Day 14: Ingleby Arncliffe to Blakey Ridge - 22 miles

Happiness
...The sky is taking on light
though the moon still hangs pale over the water.
Such beauty that for a minute
death and ambition, even love,
doesn’t enter into this.
Happiness. It comes on
unexpectedly. And goes beyond, really,
any early morning talk about it.
From Raymond Carver

 

Life sometimes throws surprises at you. I groan as we head steeply uphill towards the wood under the weight of yet another cooked breakfast. It is early morning and the sun is already hot. Then we are plunged into woods lined with pine logs. It is dark and cool in there, and exudes an air of serenity. Suddenly I feel at one with my world in a way I haven’t felt since we left the Lakes. After a while we emerge into the sunlight. A moon still hangs palely in the sky. The Vale of Mowbray stretches out at our feet, and the Yorkshire Dales beyond it. It feels vaguely autumnal. A cooling in the air? The poignant song of a solitary bird somewhere on the moors?

The Cleveland Hills
The Cleveland Hills

Heather in full glory
Heather in full glory

As we walk, more and more vistas open out in front of us. Powder blue skies are dappled with cotton wool clouds, contrasting with deep purple heather, with Rosebery Topping like a squished cake on the horizon. Then we catch our first glimpse of the North Sea. It is an emotional moment.



Cheers!
Cheers!

It doesn’t matter that we are steeply climbing hills to find ourselves dropping much of the height we have gained. It is GREAT to be up high again. We are at Clay Bank Top and are marching on. We are unstoppable. Over the last rise and we find ourselves on a wide dismantled railway, twisting and cutting a long five miles through the moors.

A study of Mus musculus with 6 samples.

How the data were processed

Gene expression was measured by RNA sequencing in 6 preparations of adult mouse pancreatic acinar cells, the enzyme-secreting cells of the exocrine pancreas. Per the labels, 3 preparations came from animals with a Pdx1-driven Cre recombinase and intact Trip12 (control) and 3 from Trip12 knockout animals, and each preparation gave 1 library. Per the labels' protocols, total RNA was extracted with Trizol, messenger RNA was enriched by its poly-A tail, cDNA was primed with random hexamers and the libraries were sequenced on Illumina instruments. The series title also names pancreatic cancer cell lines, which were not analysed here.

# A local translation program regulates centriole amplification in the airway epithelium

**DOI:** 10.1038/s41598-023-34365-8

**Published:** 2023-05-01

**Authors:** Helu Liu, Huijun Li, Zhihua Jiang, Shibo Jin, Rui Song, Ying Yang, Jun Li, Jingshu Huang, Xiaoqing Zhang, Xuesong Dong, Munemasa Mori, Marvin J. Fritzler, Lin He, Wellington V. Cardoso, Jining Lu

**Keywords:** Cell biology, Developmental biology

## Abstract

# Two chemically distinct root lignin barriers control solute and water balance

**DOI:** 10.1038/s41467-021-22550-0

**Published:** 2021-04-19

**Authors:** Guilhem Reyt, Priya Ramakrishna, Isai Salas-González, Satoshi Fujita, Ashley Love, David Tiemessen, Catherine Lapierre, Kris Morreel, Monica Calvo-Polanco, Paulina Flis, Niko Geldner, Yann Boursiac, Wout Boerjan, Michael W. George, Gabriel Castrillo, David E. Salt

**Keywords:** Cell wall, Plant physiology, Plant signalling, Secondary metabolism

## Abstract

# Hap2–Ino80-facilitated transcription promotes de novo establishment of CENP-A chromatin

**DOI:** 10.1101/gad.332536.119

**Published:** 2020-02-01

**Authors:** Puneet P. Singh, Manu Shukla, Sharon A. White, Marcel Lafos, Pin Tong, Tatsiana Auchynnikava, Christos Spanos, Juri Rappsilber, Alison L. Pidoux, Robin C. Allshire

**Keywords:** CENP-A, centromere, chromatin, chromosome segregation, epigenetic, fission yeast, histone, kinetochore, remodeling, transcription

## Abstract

Behind us are two men we had walked with earlier in the day. They are doing this kind of distance every day and struggle with badly blistered feet. My MP3 chooses Van Morrison for my last mile. I listen to the gorgeous ‘Coney Island’ - far away in my homeland. ‘On and on over the hill’ he says in his broad Northern Irish accent. ‘Indeed’ I think. But Van’s music is a bit chilled for the last march. I need something with a bit of tempo. Right on cue he provides me with marching music – The girls of Belfast City, descending into ‘The Sash my father wore’. Whoa, Mr Morrison - I have never been into the ‘glorious 12th (July that is, not August), or the marching season back home, but for once I am happy to march along to the band. Someone give me a flute...

The long and winding road
The long and winding road

Then we see Blakey Ridge on the horizon. The two walkers behind catch up as we reach the inn. They are impressed with the pace the boys have maintained. I don’t like to tell them – I’m the slow one in this outfit.

Oh what a glorious sight - Blakey Ridge, 22 miles later
Oh what a glorious sight - Blakey Ridge, 22 miles later

Our accommodation is magnificent. Ceiling to floor glass across the wall with panoramic views of the moors sweeping across the window. We head across the road to the Lion Inn, jammed to the rafters with C2C walkers. They provide portions of food more than adequate for hungry walkers.

A room with a view
A room with a view 

I spot a group of 6 walkers who had been in the Blue Bell Inn back in Ingleby Cross. Funny how people come and go, popping up again unexpectedly. One of the party has a leg in plaster cast. Turns out she had broken her ankle in two places on her fourth day – it was her that had been airlifted way back on Honister Pass. Poor soul. We have a good evening in the Lion Inn, chatting to various walkers we have met on our walk. Two Australian girls congratulate the boys on their walking. I am more than a little bit proud of them myself.

Then disaster strikes. Patrick, like Tom, has a penchant for collecting stones. Somewhere back on the walk, I have chucked a few stones weighing down his pockets – including the pebble he had chosen in St Bees. My name is mud!